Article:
By Elisa Ludwig
The medieval rabbi and philosopher Maimonides wrote that we might anticipate charity by preventing poverty. Teaching someone a trade, for example, can prevent poverty and, in turn, the need for charity.
For Phil Darivoff (W’79, WG ’85), whose grandparents came to America from Russian and Eastern Europe to find greater opportunities for his generation, these words have personal significance. Indeed, they are a guiding principle in his professional and philanthropic life.
“I often think about what we Wharton graduates do when we succeed, and the leveraged contribution that a successful business person can make to our society,” says Darivoff. A partner and managing director at Goldman Sachs, Darivoff has made his own contributions through a consistent and active commitment to Wharton.
Darivoff was himself introduced to Wharton by a likeminded alumnus, Morris Nunes, C’70. Nunes encountered the teenage Darivoff in a Fairfax, VA, hardware store and suggested that he consider applying to Wharton. Darivoff took this passing advice to heart, and enrolled in 1975. As an undergraduate, he met his wife, Betsy Marks Darivoff, C’79, discovered a passion for finance and decided to pursue his MBA. “Wharton was absolutely a transforming opportunity for me,” Darivoff says.
After graduation, Darivoff joined Goldman Sachs as an associate in mortgage securities, a job he believes he would not have been offered without his Wharton degree. “When I came into the firm I understood corporate strategy, which allowed me to think more like a senior executive than a technician,” he says. Two years in, he was promoted to vice president. Today, in addition to his roles as partner and managing director, Darivoff is chairman of credit capital markets.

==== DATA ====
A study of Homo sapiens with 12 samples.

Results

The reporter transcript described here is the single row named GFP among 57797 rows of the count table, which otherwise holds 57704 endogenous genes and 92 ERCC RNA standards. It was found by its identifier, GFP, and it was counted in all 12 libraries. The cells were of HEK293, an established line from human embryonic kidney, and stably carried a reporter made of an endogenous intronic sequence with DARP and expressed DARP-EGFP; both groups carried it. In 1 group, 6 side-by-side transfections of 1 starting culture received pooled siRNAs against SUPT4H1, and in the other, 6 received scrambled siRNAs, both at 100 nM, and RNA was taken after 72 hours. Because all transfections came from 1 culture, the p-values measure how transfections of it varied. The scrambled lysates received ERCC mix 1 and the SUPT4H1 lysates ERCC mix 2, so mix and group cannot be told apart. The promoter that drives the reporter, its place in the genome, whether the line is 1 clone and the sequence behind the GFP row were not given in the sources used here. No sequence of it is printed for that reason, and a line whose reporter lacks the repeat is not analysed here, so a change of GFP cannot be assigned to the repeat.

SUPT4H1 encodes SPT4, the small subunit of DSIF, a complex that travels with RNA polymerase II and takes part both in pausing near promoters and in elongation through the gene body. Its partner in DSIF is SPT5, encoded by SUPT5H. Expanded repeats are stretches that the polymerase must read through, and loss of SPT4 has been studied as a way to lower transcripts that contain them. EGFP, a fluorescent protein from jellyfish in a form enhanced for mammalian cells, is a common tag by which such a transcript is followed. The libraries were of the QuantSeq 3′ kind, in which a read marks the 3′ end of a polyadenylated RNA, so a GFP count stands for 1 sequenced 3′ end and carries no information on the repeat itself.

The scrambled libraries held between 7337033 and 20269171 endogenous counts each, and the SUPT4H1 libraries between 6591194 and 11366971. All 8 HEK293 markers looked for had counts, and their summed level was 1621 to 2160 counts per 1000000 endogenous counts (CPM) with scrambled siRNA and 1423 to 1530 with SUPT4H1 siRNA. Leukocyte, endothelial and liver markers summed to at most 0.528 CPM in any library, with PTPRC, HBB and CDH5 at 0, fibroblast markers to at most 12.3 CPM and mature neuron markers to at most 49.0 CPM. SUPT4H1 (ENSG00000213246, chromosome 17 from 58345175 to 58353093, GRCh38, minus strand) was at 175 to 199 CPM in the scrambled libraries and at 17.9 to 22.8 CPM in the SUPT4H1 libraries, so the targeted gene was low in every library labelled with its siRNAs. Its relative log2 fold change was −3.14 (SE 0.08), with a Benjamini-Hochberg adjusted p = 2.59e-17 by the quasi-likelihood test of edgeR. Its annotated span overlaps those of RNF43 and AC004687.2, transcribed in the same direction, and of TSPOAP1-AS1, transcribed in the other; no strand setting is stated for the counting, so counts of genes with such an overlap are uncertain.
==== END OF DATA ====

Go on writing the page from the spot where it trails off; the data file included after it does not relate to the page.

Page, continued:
Darivoff’s interest in philanthropy developed in tandem with his career. “I got to a point where I looked back and reflected on the initial sacrifices of my parents and grandparents and the great opportunity I had been given to go to Penn and Wharton,” he says. Darivoff has been offering the same opportunities to others by leading Goldman Sachs’ recruitment effort at Wharton for nearly a decade. He currently sits on Wharton’s Board of Overseers and serves as a co-chair for the 20th reunion of his MBA class.
In addition, the Darivoffs have recently honored their grandparents by naming a study room in their honor in Jon M. Huntsman Hall and endowing the Rebecca and Morris Marks Professorship in accounting. Darivoff sees all of this as part of a larger effort to “anticipate charity” and encourage others in the business community to give back. “It is difficult to repay the people who have helped you, except by honoring them in some way, and in doing so, you hope you can also help others.”